James Clarke & Co. will try to shock Young on Tuesday. | Tracy Allen/For Sun-Times Media
Hoops Report Three-Pointer for Mar. 17
It’s not exactly David vs. Goliath, but there won’t be a more intriguing coaching strategy to follow than Loyola’s Tom Livatino against Young at Chicago State. Just what will — or can — the Ramblers do with 6-10 Jahlil Okafor, the nation’s No. 1 player and nightmare matchup?
Okafor scored 35 points and had 13 rebounds in the sectional final win over St. Rita, a team with an athletic 6-8 Myles Carter and other long, rangy athletes. Loyola, a disciplined, sharpshooting, guard-oriented team, has little size and lacks ideal athleticism and length.
What kind of defensive strategy can Livatino and the Ramblers draw up? Will they double team from the post or double team from the passer? Will they devise some type of gimmick defense?
“It’s so difficult because his game has expanded so much,” Livatino said of Okafor. “You try and limit him, but at what expense? They have more size than us across the board. It starts with Jahlil, but it continues on down the line.”
The common phrase among college coaches is “you need pros to win a national championship.” In Illinois high school hoops, you need Division I talent to win a big-school state championship.
Without Division I talent (preferably at least two Division I players), you’re most likely not going to win a state title in 3A or 4A.
Want proof? In the past 30 years — a total of 36 state champions, including 3A and 4A champs the past six years since the state expanded to four classes — every big-school state champ, with the exception of three teams, have had at least two Division I players.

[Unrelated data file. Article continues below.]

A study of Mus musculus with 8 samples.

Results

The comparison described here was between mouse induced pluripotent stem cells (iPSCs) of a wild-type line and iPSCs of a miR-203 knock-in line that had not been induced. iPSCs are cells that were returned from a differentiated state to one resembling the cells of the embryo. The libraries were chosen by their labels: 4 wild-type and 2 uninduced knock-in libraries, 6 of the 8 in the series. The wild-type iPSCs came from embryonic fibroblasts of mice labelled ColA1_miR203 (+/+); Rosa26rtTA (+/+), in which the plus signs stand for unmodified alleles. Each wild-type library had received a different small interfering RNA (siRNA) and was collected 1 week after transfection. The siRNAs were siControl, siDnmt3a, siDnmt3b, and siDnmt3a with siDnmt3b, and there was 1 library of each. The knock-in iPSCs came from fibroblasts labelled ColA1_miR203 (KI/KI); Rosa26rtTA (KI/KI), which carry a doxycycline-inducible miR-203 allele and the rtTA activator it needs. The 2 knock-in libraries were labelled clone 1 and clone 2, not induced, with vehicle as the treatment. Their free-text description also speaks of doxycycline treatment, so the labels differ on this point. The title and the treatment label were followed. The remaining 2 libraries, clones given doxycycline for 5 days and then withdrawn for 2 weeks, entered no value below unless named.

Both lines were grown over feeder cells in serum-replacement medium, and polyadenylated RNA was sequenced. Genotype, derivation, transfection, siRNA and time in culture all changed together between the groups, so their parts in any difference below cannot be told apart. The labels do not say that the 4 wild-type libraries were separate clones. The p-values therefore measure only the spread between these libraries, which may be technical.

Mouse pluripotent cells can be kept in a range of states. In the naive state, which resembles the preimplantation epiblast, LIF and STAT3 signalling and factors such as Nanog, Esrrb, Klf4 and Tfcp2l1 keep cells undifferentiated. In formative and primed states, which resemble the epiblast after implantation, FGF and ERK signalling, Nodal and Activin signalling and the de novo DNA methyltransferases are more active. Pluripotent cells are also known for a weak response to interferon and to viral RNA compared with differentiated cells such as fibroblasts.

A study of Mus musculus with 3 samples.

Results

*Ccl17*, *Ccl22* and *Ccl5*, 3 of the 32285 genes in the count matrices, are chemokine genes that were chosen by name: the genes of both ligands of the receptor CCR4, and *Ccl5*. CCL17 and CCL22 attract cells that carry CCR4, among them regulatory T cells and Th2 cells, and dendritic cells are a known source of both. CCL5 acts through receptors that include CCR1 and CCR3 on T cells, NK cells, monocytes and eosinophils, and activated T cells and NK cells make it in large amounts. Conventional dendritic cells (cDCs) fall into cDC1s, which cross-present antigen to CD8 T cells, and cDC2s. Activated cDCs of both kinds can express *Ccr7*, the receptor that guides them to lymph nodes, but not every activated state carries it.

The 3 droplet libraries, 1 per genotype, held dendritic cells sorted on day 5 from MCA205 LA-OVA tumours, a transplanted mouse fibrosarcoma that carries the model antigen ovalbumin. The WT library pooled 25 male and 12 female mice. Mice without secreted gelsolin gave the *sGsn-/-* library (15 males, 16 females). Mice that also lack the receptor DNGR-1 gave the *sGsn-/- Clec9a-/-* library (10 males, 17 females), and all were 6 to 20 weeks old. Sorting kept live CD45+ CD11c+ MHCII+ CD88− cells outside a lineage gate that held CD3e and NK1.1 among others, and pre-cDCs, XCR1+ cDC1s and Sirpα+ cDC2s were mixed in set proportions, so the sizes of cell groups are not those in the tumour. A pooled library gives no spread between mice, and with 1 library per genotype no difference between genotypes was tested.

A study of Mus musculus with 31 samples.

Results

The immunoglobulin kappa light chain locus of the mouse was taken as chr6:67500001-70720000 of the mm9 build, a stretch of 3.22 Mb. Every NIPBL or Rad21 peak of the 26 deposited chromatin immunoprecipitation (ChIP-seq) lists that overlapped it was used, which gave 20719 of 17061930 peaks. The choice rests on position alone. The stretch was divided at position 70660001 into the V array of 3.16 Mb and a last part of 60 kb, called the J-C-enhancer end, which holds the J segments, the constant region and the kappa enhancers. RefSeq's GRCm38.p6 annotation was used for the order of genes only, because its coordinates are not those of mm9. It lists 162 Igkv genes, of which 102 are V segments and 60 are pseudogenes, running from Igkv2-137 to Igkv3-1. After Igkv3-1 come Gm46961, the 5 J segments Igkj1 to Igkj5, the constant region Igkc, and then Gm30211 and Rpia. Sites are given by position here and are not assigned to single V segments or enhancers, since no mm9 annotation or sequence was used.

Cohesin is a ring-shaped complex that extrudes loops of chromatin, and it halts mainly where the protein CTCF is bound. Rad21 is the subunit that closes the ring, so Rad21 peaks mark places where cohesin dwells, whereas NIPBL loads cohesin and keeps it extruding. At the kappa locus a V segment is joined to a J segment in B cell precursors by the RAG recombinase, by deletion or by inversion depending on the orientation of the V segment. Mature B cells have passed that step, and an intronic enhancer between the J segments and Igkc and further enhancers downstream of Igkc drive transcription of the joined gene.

Glenbrook North (4A) in 2005 and Rock Island (3A) in 2011 each had one Division I player, but they were special ones in Mr. Basketball winners Jon Scheyer and Chasson Randle, respectively.
The lone state champion that has defied the odds is 2012 Class 3A champ Peoria Central. The Lions had one nondescript Division I player: Trey Kellum, who is playing at Florida A&M.
Every Chicago-area team playing in a 3A and 4A supersectional is a known commodity — except Glenbard North.
Sectional champs Bogan, Morgan Park, North Chicago, Orr, Benet, Young, Loyola and Marian Catholic were ranked in the preseason, have played in big tournaments and shootouts and feature recognizable players.
And then there is Glenbard North.
The Panthers, led by underrated do-it-all Chip Flanigan (20 ppg, 8 rpg, 4.8 apg) and shooter Jeremiah Fleming (15 ppg, 87 three-pointers), won their first conference title since 1991 and just their second sectional championship in program history.
But what they can hang their hat on is their ability to win close games. Glenbard North has won four state tournament games by three, four, three and three points. In three DuPage Valley showdown wins over West Aurora and Naperville Central, the Panthers won by a combined five points, including a pair of last-second shots.